NEW YORK (AP) — Thousands of striking workers in Verizon Communication Inc.'s landline division joined picket lines and rallies Monday at company offices from Massachusetts to Virginia, a union official said.
The contract for 45,000 employees expired at midnight Saturday after the company and the workers were unable to come to terms on issues including health care costs and pensions. The dispute does not affect the wireless division at Verizon, the nation's largest wireless carrier.
Several hundred striking workers demonstrated outside the company's headquarters in lower Manhattan, most wearing red shirts and chanting, "Union busting, it's disgusting!"
"We are out here fighting for our bargaining rights," said Sharon Bleach, 52, who has worked at Verizon for 25 years. "They want to take away our pensions, our medical; they want to cut our pay."
About 60 workers picketed in Brooklyn.
In Amherst, N.Y., outside Buffalo, two demonstrators said they were hit by a vehicle turning into a Verizon garage Monday morning.
"There was an individual who drove through the line and struck two of our members," said James Wagner, president of Communications Workers of America Local 1122.
He said they weren't seriously hurt. Police said details were sketchy.
In Garden City, N.Y., where about 200 people were demonstrating, striker Annmarie Dereta said, "Like many other women here, I'm a hard working mom and it's not my choice to be on the picket line. ... They want us to pay for our own medical, they want us to take salary cuts in this economy and I can't survive."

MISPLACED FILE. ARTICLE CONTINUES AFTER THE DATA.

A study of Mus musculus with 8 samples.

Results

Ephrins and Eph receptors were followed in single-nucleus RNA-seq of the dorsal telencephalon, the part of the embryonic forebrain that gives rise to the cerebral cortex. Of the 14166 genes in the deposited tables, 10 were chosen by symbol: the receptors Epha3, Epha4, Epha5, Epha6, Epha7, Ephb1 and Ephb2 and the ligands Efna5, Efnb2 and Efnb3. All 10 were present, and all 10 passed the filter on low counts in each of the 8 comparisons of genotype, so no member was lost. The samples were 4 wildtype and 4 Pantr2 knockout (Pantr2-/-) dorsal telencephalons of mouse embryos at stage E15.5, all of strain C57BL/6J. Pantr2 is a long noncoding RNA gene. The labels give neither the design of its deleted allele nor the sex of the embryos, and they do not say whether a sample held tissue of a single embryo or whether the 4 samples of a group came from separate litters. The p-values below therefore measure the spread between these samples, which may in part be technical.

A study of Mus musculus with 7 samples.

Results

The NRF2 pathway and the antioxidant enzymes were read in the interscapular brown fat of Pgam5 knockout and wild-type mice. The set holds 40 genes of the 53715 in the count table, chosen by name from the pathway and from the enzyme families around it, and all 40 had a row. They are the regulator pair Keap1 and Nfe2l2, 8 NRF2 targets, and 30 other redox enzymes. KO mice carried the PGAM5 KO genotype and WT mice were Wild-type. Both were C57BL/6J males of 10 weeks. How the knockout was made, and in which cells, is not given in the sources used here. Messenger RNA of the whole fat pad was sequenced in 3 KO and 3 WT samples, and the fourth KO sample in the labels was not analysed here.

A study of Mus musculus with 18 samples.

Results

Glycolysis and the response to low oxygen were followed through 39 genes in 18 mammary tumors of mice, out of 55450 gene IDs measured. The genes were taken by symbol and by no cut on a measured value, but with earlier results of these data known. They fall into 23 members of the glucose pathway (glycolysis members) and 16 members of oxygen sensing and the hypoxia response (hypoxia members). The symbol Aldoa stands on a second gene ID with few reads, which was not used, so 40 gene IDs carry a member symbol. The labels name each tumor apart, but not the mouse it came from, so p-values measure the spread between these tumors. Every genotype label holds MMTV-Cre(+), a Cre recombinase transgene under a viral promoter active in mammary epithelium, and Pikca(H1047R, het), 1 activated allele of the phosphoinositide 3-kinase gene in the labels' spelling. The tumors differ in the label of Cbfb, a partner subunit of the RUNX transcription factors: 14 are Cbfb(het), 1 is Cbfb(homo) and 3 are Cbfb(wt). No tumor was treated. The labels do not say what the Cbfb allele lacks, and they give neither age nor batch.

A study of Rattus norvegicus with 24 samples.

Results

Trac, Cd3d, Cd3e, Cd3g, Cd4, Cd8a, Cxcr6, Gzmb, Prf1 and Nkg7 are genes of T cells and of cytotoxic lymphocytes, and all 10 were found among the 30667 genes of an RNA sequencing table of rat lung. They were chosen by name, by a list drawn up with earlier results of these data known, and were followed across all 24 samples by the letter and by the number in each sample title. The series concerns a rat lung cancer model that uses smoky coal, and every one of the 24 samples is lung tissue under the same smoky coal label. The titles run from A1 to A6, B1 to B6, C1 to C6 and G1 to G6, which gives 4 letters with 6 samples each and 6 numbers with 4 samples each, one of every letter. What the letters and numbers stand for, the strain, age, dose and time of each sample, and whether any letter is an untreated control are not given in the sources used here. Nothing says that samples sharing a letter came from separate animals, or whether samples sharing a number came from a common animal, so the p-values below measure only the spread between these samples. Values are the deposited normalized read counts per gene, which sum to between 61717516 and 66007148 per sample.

Robert Master, a Communications Workers of America spokesman, said picket lines also were going up in Rhode Island, New Jersey, Pennsylvania, Maryland, Delaware and Washington, D.C.
The striking workers are responsible for maintaining and repairing traditional landlines, as well as installing the company's fiber-optic FiOS service, Master said.
Verizon spokesman Richard Young said thousands of managers have been sent to help work in the affected states.
"We've been preparing for a strike or other adverse job action for many months. We always knew a strike was a possibility," Young said. "We're 100 percent prepared. We're confident in our ability to continue to provide the best possible customer service."
He said Verizon has trained tens of thousands of managers for the past several months.
Workers covered by the expired contract also include 10,000 represented by the International Brotherhood of Electrical Workers, who serve as telephone and repair technicians, customer service representatives, operators and more.
New York-based Verizon has 196,000 workers; 135,000 are non-union.
Verizon said it was asking for changes in the contract because its wireline business has been in decline for more than a decade as more people switch to using cell phones exclusively. It had 25 million landlines at the end of the second quarter, down from 26 million at the end of 2010. It has been selling off some of its landlines to other phone companies.
Master said Verizon wanted worker concessions at a time when it's making billions in profits and top executives were making millions in salary.
Contract negotiations began June 22.
Associated Press writers Carolyn Thompson in Buffalo, Frank Eltman in Garden City and Ula Ilnytzky in New York contributed to this report.